Researchers have warned that a cascade of positive feedback loops could push global temperatures into a “Hothouse Earth” state for millennia, even if human greenhouse gas emissions are reduced. Some systems, such as ice sheets, forests and permafrost, could pass a temperature tipping point beyond which they rapidly become net contributors to climate change. If one is set off, the warming produced could trigger the remaining tipping points, like a line of dominoes.
As shown in the figure below, the temperature threshold varies by system. Ice sheets might pass a climate tipping point at 1°C - 3°C, while permafrost might not pass a tipping point until 5°C of climate change. However, there is uncertainty over what the exact threshold temperatures might be.
Image: Figure 3 of Steffen et al. (2018). Global map of potential tipping cascades. The individual tipping elements are color-coded according to estimated thresholds in global average surface temperature.
The authors state that, “The impacts of a Hothouse Earth pathway on human societies would likely be massive, sometimes abrupt, and undoubtedly disruptive,” and call for “a coordinated, deliberate effort by human societies to manage our relationship with the rest of the Earth System”.
We explore the risk that self-reinforcing feedbacks could push the Earth System toward a planetary threshold that, if crossed, could prevent stabilization of the climate at intermediate temperature rises and cause continued warming on a “Hothouse Earth” pathway even as human emissions are reduced. Crossing the threshold would lead to a much higher global average temperature than any interglacial in the past 1.2 million years and to sea levels significantly higher than at any time in the Holocene. We examine the evidence that such a threshold might exist and where it might be. If the threshold is crossed, the resulting trajectory would likely cause serious disruptions to ecosystems, society, and economies. Collective human action is required to steer the Earth System away from a potential threshold and stabilize it in a habitable interglacial-like state. Such action entails stewardship of the entire Earth System—biosphere, climate, and societies—and could include decarbonization of the global economy, enhancement of biosphere carbon sinks, behavioral changes, technological innovations, new governance arrangements, and transformed social values.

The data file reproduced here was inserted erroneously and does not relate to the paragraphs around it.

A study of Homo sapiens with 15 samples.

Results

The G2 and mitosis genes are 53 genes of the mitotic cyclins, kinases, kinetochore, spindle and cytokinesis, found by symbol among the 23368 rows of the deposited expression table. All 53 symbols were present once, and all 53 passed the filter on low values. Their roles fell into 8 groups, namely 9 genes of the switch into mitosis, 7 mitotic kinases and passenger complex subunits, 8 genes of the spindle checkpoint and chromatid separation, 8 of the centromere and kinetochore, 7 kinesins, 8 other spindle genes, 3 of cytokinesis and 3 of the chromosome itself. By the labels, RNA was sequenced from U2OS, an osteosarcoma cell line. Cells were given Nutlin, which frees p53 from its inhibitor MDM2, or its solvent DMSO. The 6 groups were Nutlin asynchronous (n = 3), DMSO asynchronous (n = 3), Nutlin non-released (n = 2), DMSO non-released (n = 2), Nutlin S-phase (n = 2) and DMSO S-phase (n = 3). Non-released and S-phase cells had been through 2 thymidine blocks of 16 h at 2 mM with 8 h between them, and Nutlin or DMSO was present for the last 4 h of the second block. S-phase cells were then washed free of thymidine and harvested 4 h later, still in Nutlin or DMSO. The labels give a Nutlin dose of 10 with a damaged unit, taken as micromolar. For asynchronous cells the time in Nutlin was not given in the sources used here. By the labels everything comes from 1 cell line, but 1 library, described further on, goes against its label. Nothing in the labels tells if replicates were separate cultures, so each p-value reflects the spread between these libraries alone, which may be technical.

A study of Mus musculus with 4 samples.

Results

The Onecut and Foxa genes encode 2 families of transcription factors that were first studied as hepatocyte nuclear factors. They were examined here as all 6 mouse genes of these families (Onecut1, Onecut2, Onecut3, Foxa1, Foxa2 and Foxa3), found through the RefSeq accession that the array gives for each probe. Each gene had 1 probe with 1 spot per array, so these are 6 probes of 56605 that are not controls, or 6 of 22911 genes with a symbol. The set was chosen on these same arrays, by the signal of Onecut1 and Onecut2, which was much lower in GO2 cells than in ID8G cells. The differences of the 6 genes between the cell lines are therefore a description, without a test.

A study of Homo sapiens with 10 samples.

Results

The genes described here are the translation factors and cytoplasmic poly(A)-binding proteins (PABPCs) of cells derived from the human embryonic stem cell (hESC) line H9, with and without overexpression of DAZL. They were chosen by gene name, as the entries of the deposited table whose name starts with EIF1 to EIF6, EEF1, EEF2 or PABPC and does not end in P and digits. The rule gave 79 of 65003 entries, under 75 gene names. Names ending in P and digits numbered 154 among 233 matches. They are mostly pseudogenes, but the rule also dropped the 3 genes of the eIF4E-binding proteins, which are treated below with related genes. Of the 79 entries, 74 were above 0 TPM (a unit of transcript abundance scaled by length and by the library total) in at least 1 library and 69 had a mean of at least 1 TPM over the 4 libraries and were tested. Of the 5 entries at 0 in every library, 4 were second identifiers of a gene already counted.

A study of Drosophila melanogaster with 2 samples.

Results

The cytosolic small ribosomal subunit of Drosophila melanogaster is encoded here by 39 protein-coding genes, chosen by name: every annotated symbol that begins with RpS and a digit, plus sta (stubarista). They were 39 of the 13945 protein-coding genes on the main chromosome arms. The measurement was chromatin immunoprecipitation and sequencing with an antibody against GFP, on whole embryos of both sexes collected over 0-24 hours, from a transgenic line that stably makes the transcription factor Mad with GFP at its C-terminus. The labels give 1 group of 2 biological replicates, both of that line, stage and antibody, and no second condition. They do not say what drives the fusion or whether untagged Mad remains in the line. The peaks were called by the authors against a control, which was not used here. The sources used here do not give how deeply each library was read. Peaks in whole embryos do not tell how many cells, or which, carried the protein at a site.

Steffen, W., Rockström, J., Richardson, K., Lenton, T.M., Folke, C., Liverman, D., Summerhayes, C.P., Barnosky, A.D., Cornell, S.E., Crucifix, M. and Donges, J.F., 2018. Trajectories of the Earth System in the Anthropocene. Proceedings of the National Academy of Sciences, p.201810141.
Read the full paper here. See also the Foodsource resource How might climatic change affect food systems in the future?